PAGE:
The events in France in May 1968 saw a huge social upheaval with millions of workers and students in revolt.
Director Michel Hazanavicius’s interpretation of events comes through clearly in Redoubtable.
In one interview he described May 1968 as “bourgeois students rioting”.
It was far more than that.
Director Jean-Luc Godard, played by Louis Garrel, spends almost the entire film having an existential crisis about his films.
The uprising made him question everything about his previous work and the film industry in general.
Godard’s behaviour is clearly shown as being driven by the events of May 1968.
But the feeling that this is a world turning upside down is largely missing from the film. He occasionally goes on demonstrations and at one point sets a car on fire. But the whole thing is treated like it’s some sort of exciting diversion rather than a serious challenge to the French state.
Goddard’s successful attempt to shut the Cannes film festival down in solidarity with the movement is portrayed via his wife hearing a brief segment on the radio.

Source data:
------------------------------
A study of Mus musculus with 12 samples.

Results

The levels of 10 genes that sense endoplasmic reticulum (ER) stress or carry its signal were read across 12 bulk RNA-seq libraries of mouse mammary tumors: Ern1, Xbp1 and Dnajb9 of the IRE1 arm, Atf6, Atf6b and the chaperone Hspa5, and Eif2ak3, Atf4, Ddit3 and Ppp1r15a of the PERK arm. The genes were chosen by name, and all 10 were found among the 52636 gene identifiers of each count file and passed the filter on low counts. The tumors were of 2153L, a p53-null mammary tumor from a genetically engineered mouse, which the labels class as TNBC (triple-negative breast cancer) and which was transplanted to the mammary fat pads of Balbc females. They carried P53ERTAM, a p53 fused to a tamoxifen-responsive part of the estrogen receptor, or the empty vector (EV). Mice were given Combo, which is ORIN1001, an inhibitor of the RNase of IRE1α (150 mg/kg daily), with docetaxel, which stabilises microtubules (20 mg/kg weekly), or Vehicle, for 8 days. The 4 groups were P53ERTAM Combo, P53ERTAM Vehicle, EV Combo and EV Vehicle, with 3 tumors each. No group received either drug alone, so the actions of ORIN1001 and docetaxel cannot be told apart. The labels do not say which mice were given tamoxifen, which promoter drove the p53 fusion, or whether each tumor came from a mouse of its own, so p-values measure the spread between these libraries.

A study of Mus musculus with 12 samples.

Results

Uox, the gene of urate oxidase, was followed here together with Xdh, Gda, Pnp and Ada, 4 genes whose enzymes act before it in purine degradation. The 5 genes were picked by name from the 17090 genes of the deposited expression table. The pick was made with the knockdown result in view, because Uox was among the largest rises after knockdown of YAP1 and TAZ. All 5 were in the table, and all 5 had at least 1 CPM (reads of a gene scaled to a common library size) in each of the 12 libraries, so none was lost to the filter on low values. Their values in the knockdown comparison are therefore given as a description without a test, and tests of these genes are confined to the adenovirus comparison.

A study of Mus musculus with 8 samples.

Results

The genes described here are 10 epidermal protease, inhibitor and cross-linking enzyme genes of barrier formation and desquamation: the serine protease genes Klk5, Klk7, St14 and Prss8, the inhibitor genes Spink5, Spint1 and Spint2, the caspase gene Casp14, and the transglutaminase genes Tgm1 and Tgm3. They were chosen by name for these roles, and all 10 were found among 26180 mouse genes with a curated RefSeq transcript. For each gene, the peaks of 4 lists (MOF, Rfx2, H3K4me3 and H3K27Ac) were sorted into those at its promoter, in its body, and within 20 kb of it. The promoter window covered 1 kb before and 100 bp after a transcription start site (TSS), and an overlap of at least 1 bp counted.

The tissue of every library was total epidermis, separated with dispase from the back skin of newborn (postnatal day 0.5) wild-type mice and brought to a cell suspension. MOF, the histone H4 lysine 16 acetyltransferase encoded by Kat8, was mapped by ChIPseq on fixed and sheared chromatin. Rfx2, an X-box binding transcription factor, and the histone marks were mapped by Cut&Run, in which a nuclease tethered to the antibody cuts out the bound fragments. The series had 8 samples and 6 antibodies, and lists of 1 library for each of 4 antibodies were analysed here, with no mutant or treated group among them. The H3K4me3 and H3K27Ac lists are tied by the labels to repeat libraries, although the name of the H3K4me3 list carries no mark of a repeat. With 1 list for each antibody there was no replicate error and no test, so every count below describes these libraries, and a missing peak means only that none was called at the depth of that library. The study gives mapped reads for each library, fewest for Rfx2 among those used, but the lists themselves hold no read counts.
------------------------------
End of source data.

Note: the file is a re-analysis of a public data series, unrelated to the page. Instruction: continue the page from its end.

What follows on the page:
The film is based on Godard’s ex-wife’s memoirs, so a focus on their relationship is to be expected.
Despite this, it lends the film an air of predictability.
It seems a bit of a wasted opportunity to tell a story about the impact of May 68 from a different perspective.
Godard was scathingly critical of the film establishment for ignoring what was happening on the streets. The same charge could be made against Hazanavicius on the 50th anniversary of 1968.
Maybe that’s the point. Perhaps it’s all one big joke.
Nevertheless, less time with characters posing in flats and cafes and more time setting cars on fire would have been an improvement.